Being in ministry sometimes feels like getting sucked into a church vortex. We rush from church services to small groups to potluck fellowships to prayer meetings to conferences to Bible study each week and then, come Sunday, start the cycle again.
Want to know something embarrassing? When Kyle and I announced to our previous church that we were leaving to plant a church in another state, our next door neighbor stopped us one evening when we were outside and told us how excited he was for our new venture. We were a bit confused how he knew about it, seeing as how we didn't really know him and often had trouble remembering his name. So we asked how he knew. "Oh, I go to your church." Kyle and I accepted his congratulations, walked inside, and looked at each other: He goes to our church? He's lived next door for years and we never even knew his name, much less that he went to our church.
I remember laying in bed that night, ashamed. Here we were about to stinkin' church plant and we hadn't even bothered to get to know our neighbors where we had been living for years. We were so ingrained in Christian circles that we had lost touch with the real world around us. I determined that, church planting or no church planting, I would not let that happen in our new city.
Now that we've lived in Charlottesville for several years and our church is less church plant and more real-honest-to-goodness church, I'm starting to feel the pull again. It would be so easy to enjoy the warmth of hard-earned Christian fellowship and leave the world outside the circle. It's a difficult balance keeping one front in the local community and one foot in Christian community. How are you doing with that balance? Here are some ideas, thoughts, or suggestions to mull over:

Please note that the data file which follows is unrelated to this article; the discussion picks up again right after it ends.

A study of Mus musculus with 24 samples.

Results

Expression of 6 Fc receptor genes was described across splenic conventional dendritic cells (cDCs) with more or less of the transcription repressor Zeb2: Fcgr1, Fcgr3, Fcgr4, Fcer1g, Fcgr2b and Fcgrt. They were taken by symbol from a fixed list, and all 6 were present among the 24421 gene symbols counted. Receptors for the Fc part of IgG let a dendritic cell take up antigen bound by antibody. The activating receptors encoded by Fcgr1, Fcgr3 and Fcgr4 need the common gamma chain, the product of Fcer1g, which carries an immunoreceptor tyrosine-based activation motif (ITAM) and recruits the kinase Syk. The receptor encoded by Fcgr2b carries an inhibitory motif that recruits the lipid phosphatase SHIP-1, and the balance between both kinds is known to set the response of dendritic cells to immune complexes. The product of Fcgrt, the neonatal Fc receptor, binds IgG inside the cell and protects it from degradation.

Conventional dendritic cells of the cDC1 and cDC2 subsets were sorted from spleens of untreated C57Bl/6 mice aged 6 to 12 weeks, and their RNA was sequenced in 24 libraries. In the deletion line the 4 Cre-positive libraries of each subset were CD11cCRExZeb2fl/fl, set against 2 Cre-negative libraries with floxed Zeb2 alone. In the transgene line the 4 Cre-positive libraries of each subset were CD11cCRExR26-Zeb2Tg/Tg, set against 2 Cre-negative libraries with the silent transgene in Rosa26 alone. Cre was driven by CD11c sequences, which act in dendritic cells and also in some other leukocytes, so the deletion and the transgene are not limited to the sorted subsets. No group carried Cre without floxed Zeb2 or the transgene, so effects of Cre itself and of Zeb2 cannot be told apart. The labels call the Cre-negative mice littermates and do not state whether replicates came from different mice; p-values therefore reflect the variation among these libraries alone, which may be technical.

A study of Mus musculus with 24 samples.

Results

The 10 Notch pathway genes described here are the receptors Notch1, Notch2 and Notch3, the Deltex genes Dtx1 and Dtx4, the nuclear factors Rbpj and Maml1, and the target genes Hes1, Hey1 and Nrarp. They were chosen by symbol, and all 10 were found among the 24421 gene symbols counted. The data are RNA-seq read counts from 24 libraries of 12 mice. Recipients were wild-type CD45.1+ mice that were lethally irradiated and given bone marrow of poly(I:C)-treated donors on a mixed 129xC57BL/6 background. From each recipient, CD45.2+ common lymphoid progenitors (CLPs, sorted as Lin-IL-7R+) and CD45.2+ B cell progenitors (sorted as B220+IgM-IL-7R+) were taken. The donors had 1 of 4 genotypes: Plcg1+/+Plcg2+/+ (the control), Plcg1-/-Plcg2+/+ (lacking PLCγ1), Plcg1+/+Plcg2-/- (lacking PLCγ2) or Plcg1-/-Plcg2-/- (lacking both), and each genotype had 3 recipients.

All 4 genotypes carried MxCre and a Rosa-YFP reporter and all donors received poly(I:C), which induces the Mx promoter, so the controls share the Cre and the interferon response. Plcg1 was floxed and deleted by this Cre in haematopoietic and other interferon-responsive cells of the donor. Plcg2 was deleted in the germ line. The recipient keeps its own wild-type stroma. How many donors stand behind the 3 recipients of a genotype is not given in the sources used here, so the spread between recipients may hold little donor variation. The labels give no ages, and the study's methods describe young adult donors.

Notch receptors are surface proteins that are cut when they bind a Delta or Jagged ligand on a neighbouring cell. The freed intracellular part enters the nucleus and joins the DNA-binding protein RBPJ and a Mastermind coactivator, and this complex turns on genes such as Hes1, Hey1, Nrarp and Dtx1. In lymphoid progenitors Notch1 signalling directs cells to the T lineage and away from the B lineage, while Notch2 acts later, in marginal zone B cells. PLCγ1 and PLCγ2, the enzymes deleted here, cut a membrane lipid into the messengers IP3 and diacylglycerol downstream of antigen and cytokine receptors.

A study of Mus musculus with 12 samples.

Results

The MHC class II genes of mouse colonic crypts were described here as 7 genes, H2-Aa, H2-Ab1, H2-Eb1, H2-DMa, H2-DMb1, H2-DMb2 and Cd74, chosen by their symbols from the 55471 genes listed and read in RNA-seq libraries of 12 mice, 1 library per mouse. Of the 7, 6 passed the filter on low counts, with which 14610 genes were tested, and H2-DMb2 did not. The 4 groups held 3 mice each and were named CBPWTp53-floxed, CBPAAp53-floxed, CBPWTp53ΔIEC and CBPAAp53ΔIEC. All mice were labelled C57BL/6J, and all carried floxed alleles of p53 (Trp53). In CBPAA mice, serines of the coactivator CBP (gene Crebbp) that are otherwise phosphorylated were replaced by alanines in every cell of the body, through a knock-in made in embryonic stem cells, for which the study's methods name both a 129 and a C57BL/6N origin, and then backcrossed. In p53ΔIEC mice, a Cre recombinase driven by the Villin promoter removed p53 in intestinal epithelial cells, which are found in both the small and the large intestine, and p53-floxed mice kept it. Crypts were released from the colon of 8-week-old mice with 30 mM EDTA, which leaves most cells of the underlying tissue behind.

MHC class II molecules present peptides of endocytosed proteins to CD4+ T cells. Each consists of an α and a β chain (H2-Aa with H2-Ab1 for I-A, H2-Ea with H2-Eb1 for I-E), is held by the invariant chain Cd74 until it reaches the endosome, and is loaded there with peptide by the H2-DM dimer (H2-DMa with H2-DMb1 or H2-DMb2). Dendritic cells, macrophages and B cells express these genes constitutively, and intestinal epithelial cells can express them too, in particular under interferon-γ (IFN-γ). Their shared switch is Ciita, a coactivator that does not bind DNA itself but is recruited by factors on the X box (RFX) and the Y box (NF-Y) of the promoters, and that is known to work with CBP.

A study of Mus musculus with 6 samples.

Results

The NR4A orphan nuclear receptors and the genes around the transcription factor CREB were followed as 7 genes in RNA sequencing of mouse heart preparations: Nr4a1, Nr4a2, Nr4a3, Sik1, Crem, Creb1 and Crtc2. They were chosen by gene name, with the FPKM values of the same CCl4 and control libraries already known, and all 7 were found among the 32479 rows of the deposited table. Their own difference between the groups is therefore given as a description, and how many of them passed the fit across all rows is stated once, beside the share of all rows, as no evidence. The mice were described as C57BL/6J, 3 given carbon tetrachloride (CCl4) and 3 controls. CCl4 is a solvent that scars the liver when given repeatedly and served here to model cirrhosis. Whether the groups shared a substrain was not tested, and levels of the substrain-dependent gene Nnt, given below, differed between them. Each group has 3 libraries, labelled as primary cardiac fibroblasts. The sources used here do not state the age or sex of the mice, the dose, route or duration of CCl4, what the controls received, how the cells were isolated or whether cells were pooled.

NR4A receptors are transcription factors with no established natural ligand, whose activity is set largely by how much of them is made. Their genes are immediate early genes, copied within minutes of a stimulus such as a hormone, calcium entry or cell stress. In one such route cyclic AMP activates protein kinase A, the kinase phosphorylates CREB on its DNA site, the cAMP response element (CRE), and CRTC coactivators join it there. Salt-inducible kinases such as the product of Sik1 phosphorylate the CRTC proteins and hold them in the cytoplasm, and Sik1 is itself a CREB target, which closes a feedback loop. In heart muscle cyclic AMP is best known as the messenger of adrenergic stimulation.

- People aren't programs. Don't be missional only (or primarily) when it's programmed by your church. Jesus said, "As you go make disciples..." Consider where God already has you (neighborhood, work, kids sports teams, moms groups, PTO, book clubs, organizations, etc) and be purposeful in those relationships. If you don't know any non-Christians, get involved in something that you enjoy, but that will also help you meet people different than you.
- Be a blessing to your city. As a church, don't plan things that require people to come to you. Go to where people already are and see how your church can be a part of serving the community there.
- Strike up conversations with people when you're out and about. I have met so many moms at the Chick-Fila playground as we sit and watch our kids. Most of the time, those conversations don't go anywhere and I never see them again. But sometimes it's different.
- Invite outsiders in. Invite people to come along with you to your small group's casual hangout times or to come over for dinner. As David Platt once said, the church often sees itself as a circle of people faced inward, but it's really a close circle of people faced outward. Help create that culture in your church.
Now it's your turn. How do you maintain that community/church balance? I look forward to hearing your wonderful ideas!